It’s hard to argue with an 8-to-1 Supreme Court decision. Today the Supreme Court ruled that Fred Phelps and members of the Westboro Baptist Church are within their First Amendment rights when they use the funerals of young people killed in Iraq and Afghanistan as opportunities to spread their hate-filled, anti-gay messages. While I may wish it were otherwise, I understand the justices’ ruling: such speech is legal in America. But it is unconscionable, destructive, and far too common in American society today.
Not all that is legal – or common - is morally acceptable. It would be difficult to think of a more hateful act than taunting a bereaved family at the funeral of their child, who gave his or her life in military service. But sadly, hateful speech is a commonplace in today’s America. The economics of the news business, the polarized environment of cable news and the peculiarities of the blogosphere have made violent rhetoric an everyday feature of our lives. We are confronted with it so regularly that we may not even notice it, or, when we agree with its political perspective, we may actually enjoy it.
But aggressive, hateful speech, while legal and common, is as destructive of human community as it is within a family. Children raised in families in which accusations and denunciations are common come to live with psychological trauma that is not easily healed. On the collective level, belligerent language reinforces divisiveness in our society and encourages our children to see those with different views as “the enemy.” In such an environment, we all come to live in a psychic war zone, in which attack and counter-attack are a way of life, in words if not in deeds.
There is good news, however. While the keen public awareness of the problem of violent rhetoric following the shootings in Tucson seems to have faded, many are still working to address the issue. One prominent example is the Jewish Council for Public Affairs (JCPA), an umbrella group linking 14 national and 125 local agencies (including our own Jewish Community Relations Council of Minnesota and the Dakotas). At its national conference in February 2010, the JCPA rolled out a multi-dimensional “Civility Initiative.” The Initiative includes a “Civility Statement,” now signed by over 1300 Jewish leaders, and working groups creating training materials for local activists and articulating standards for civil discourse within the member organizations, which constitute most of the American Jewish institutional community.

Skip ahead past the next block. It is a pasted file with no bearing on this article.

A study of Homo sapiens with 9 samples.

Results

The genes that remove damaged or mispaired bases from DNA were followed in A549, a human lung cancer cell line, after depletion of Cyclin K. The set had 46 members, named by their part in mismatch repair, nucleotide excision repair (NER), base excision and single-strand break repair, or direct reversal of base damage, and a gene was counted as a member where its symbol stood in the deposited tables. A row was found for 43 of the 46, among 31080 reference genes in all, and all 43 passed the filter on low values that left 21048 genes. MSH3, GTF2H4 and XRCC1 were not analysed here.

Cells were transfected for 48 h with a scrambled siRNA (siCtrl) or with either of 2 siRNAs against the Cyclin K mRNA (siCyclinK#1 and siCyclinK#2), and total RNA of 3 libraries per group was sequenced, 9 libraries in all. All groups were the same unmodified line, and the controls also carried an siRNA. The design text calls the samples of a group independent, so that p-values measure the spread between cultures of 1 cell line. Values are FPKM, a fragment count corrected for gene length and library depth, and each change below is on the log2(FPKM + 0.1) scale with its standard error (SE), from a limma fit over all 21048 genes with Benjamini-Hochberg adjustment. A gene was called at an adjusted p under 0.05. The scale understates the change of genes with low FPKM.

The organization’s 2011 annual conference begins with a three-day “Civility Institute,” beginning this evening, at which local activists will be trained to conduct campaigns for civil discourse within their own communities. There is sure to be vigorous debate at these sessions, related to definitions of civility, the practice of civil discourse, and strategies for introducing new norms of speech into local communities. But the goal of establishing a new standard of respectful community conversation is one worth working on, even struggling over. Maybe, just maybe, the efforts of those gathered this week will strengthen the hands of people all over the country who know that the hateful rhetoric must stop. Violent language is bad for human beings – both speakers and listeners – and bad for human society. Together we can create something better – if not in the law, than in the way we live and build community together.